The MacArthur Foundation, and Mozilla have been working on developing a wide variety of badging systems for over a decade, and last year we joined with IMS Global to begin to scale open badging systems globally. Picture Boy Scout merit badges, or miniature completion certificates. And nothing else.
Digital badges are suited to an educational model where acquisition of skills is valued above integrated knowledge. People love games and collecting and competing. It’s to our advantage to remake learning as a kind of Pokemon Go quest. First we aligned instruction to an exhaustive framework of standards, Common Core and its rebranded successors, that could eventually be represented by badges. This framework normalized the idea that education is something that can be broken down into discrete pieces.
Once we had the standards in place, we could move to competency-based instruction. Students only need to demonstrate they’ve “met a standard” and check the box. That allows us to eliminate report cards and diplomas and shift to digital learning lockers and backpacks that will feed workforce-oriented “lifelong learning” e-portfolios of credentials.
The framework ALSO enables “community partners” to replicate standards-based instruction OUTSIDE a school setting. If a student is meeting a standard, we’ll say it shouldn’t matter how they are doing it. They might be in a neighborhood school with a full-time, salaried teacher or at a private makerspace, art center, work placement or library with a non-certified, part-time, gig economy staff person. They might be with a well-intentioned community volunteer. Outsourcing instruction via CBE and badging allows school boards to cut costs while creating revenue streams for online learning providers and non-profits funded by the foundations we control.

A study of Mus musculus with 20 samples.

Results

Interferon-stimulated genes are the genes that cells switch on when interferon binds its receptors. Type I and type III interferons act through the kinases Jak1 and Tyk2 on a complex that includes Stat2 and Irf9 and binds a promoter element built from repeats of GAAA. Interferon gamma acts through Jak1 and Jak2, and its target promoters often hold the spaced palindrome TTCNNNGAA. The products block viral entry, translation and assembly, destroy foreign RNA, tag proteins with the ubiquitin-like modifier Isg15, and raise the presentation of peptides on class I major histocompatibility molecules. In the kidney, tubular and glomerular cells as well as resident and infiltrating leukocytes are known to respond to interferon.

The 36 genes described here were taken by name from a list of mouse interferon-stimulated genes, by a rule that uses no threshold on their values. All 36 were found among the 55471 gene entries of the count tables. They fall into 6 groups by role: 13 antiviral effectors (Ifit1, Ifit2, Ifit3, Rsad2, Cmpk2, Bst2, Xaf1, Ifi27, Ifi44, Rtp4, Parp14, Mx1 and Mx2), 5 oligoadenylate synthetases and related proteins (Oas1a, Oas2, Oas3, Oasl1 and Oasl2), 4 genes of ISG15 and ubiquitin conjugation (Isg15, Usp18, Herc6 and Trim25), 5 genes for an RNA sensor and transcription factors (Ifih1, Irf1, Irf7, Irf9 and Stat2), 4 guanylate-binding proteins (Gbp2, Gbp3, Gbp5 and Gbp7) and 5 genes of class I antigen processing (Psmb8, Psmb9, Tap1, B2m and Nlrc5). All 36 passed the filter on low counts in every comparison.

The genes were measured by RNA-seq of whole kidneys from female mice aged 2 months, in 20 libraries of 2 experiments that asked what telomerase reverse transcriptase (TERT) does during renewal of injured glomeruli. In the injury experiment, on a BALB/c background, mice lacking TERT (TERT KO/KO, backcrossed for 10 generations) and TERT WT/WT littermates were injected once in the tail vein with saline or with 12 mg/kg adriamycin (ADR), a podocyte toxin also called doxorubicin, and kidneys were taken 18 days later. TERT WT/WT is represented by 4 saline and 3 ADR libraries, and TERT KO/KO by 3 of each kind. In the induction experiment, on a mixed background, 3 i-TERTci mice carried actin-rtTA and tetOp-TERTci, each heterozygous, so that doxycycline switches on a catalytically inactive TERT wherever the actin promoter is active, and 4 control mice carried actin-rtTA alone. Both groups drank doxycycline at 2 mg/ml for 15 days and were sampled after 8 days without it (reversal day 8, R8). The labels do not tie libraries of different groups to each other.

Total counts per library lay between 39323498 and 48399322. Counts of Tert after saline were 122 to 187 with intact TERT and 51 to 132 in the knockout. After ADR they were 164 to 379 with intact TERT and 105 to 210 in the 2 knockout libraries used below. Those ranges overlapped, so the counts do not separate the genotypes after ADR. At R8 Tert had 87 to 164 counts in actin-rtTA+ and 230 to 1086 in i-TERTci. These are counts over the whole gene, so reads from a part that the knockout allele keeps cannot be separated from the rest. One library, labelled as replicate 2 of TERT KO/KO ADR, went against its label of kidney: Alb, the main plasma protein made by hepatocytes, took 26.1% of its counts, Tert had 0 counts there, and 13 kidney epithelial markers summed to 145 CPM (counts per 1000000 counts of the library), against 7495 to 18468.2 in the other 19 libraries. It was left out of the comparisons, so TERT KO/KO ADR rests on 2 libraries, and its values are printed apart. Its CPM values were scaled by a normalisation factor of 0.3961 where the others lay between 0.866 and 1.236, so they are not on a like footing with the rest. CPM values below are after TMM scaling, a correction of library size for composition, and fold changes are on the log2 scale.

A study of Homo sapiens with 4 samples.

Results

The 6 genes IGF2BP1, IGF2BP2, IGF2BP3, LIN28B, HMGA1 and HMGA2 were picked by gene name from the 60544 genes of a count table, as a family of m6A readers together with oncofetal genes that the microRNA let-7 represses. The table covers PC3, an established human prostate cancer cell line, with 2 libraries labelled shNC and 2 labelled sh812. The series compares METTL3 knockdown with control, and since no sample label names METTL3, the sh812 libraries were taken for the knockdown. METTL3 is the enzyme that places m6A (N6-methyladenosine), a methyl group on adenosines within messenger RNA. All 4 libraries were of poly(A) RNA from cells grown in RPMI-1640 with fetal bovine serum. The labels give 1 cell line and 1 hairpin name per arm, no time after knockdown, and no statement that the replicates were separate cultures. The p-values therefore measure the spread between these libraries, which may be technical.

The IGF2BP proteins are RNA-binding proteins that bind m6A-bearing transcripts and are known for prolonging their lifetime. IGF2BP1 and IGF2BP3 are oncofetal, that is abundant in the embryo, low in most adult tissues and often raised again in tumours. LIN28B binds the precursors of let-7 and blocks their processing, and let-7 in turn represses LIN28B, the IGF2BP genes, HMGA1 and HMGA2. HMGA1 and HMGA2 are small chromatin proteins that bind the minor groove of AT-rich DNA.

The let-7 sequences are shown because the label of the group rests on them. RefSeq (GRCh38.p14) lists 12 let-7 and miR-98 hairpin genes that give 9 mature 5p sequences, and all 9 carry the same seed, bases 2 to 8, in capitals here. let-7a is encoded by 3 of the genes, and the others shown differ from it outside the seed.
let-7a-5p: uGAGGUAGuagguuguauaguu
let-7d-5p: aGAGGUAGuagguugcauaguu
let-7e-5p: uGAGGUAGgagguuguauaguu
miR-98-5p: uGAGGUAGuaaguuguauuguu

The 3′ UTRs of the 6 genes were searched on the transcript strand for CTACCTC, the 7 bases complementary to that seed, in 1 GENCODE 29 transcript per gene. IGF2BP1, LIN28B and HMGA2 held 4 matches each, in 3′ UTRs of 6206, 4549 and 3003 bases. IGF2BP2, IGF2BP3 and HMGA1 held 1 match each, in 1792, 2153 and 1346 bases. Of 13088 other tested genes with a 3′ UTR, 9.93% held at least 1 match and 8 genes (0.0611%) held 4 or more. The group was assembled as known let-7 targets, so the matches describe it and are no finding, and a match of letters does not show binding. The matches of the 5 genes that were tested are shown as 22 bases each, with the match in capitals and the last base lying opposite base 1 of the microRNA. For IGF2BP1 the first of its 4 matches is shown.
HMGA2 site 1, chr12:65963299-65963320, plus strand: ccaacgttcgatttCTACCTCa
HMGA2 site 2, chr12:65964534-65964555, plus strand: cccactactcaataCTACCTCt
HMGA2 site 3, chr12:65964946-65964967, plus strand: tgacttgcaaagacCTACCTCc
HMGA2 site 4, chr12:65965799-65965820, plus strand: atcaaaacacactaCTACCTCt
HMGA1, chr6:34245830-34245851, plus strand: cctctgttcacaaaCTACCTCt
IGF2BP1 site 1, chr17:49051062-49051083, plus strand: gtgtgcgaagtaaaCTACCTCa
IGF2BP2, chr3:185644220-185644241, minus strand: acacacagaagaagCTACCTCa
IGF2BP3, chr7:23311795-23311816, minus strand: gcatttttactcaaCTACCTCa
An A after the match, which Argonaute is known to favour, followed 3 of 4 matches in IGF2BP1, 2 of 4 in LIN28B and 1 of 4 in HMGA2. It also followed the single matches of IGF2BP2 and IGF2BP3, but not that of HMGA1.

Digital badges have always been a key part of our program. Initial badging programs have been embedded within summer and after school activities for children and professional development opportunities for teachers. As we train teachers to accept badges as representations of achievement, it will be difficult for them to oppose use of such systems as competency-based education is implemented.